On Monday the ?New York Assembly voted to pass an anti-human trafficking bill, part of Gov. Andrew Cuomo's 10-point "women's equality agenda." The bill, which Cuomo has said he will sign, creates two new crimes—"aggravated labor trafficking" and "aggravated patronizing a minor for prostitution"—among other provisions. Sponsor Amy Paulin (D-Scarsdale) said the measure "will give law enforcement the tools it needs to hold pimps and other horrendous perpetrators accountable for exploiting young women and young men."
Under current New York state law, both sex trafficking and labor trafficking are already crimes. So are prostitution, and patronizing a person for prostitution, with enhanced penalties for patronizing someone under age 14. Even if money isn't involved, sexual activity with someone under age 17 is a crime, as is all manners of sexual conduct with children. "Advancing," profiting from, promoting, compelling, or allowing prostitution are also illegal, with enhanced penalties if the sexual subject is under age 16.
It seems New York "pimps" and people who sexually exploit young people can already be held criminally accountable in the state. What, then, does Paulin's legislation actually do? Mostly it enhances sentences for crimes depending on circumstances like involvement of a controlled substance, proximity to a school zone, or the age of the victim. Specifically, the bill would:
- Establish the crime of "aggravated patronizing a minor for prostitution," defined as paying for and actually engaging in sexual activity with anyone under 17-years-old (a class B, D, or E felony depending on the minor's age).
- Establish the crime of "patronizing a person for prostitution in a school zone," defined as paying for sex with anyone under 18-years-old on or adjacent to school property or athletic grounds
- Change the standard for felony advancing, compelling, or profiting from prostitution to include any situation where the victim is under age 18 (previously 16), regardless of whether force or coercion is involved.
- Define felony patronizing a person for prostitution as paying, offering to pay, or talking about paying anyone under 15-years-old (previously 14) for sex. [Offering to pay for sex with someone older was and is still a misdemeanor, as is "wander(ing) about in a public place" in a manner that implies you want to buy or sell sex.]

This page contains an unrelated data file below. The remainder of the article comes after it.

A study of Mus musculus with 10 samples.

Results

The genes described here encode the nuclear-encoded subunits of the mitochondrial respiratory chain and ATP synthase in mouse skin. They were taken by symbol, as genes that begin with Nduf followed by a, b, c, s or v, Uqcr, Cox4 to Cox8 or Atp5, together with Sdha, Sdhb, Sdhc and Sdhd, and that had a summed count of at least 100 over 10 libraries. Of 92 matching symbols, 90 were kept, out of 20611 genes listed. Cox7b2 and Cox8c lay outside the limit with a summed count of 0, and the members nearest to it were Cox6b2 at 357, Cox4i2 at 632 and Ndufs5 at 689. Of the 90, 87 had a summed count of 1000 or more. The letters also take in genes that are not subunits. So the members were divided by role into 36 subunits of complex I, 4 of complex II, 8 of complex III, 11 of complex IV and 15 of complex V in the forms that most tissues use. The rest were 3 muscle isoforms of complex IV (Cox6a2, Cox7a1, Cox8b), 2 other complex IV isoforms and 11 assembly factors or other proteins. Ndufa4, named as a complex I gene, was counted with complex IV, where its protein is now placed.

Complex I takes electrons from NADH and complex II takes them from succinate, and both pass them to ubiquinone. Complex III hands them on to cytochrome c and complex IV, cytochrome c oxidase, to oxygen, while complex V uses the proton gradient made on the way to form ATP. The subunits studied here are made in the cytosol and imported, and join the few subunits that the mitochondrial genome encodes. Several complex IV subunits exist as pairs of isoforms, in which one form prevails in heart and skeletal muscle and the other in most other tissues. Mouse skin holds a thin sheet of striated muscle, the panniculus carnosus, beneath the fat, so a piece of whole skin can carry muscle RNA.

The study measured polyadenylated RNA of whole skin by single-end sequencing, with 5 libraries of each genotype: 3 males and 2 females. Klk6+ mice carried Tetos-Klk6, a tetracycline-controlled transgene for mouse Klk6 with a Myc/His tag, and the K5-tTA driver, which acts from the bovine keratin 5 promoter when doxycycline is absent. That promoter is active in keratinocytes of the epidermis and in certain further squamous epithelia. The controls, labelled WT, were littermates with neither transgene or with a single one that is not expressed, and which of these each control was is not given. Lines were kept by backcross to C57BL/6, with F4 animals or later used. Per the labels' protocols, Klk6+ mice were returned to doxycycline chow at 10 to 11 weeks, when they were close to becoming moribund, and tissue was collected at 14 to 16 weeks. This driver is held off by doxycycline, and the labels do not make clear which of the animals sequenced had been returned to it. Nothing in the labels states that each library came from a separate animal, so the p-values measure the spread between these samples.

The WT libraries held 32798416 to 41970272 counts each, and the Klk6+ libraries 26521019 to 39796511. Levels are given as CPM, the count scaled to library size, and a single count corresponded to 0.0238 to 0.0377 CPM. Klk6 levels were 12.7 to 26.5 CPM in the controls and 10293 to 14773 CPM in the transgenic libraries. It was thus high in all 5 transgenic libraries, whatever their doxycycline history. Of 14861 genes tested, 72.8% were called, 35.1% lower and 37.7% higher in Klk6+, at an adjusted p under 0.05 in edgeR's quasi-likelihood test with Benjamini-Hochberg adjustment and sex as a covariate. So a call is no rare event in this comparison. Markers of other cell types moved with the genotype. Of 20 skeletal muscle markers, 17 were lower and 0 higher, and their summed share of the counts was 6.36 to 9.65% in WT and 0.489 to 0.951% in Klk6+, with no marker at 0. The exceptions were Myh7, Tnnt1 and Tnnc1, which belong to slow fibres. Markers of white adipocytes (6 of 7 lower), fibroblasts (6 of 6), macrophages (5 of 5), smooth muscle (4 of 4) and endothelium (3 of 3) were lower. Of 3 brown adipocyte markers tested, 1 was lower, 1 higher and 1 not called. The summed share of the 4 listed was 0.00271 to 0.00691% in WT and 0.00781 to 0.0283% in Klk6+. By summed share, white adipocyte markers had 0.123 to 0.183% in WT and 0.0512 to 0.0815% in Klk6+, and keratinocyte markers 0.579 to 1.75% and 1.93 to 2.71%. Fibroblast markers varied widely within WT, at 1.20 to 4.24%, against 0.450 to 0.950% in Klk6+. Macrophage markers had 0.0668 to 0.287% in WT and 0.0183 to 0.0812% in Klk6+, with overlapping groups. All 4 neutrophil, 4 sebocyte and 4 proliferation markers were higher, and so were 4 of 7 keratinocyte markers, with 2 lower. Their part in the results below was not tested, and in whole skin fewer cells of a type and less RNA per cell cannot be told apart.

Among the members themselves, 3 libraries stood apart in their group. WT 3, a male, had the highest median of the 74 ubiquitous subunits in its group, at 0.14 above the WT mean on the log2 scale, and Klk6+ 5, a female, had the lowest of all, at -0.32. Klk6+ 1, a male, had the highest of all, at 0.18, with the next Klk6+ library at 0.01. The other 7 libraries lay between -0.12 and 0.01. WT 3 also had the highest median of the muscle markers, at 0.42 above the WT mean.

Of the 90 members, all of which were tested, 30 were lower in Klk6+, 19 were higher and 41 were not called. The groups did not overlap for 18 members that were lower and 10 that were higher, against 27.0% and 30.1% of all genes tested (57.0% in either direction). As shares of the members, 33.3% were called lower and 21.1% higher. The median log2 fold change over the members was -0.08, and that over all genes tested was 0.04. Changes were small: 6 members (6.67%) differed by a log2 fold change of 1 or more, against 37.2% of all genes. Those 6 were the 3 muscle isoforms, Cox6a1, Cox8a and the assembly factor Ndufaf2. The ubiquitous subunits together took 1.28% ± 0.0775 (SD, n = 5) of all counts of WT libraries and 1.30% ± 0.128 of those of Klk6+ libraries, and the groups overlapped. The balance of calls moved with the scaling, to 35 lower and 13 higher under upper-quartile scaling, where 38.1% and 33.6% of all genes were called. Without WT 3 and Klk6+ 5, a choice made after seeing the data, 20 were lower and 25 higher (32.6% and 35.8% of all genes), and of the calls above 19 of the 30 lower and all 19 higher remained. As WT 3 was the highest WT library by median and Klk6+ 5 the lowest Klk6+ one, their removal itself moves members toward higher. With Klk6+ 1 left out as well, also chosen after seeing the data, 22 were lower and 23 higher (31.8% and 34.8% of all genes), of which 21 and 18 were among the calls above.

- Make it an affirmative defense to prostitution charges to be a trafficking victim.
- Allow victims to bring civil actions against sex or labor traffickers.
- Extend the interagency task force on human trafficking for four years
A slew of people have praised the legislation. Among them are Corinne Carey, assistant legislative director of the New York Civil Liberties Union, who called it "necessary and common-sense relief." It's certainly not uniformly terrible—I can get behind the civil action section, and making sexual offenses conform to New York's age of sexual consent standard. Though as it stands (currently and under this new legislation), there's a patchwork of different ages which trigger different crimes and penalties, and it's not clear in what instances not knowing the victims age is considered a defense.
Moreover, making it a defense against prostitution charges to be forced into it seems positive on the surface, and certainly trafficking victims shouldn't be getting treated as criminals. But rather than continue to arrest trafficking victims as criminals and put the burden on them to prove that they're not; incentivize anyone arrested for prostitution to claim they're being forced into it; and perpetuate an endless cycle of stings, arrests, charges, captivity, court dates, and state violence against these women—I mean, maybe we could just not arrest and charge people for prostitution to begin with? Trafficking victims could still be rescued without arresting them first.
In account after account where people actually talk to sex workers and sex-trafficking victims (as opposed to simply imputing motives and emotions to them), they say the first thing they want/need is to stop being criminalized. In quote after quote from nonprofits who work on sex-trafficking issues, they stress one thing: that the biggest barrier victims have to leaving is a lack of places to go (a great number of teen trafficking victims tend to be runaways and foster care escapees). Decriminalization and emergency resources for homeless teens and battered women are about infinitely more necessary than more vice cops, longer prison sentences, and more task-force reports. If lawmakers really want to help trafficking victims, not just grandstand about it (or expand the prison state further), they would address these things.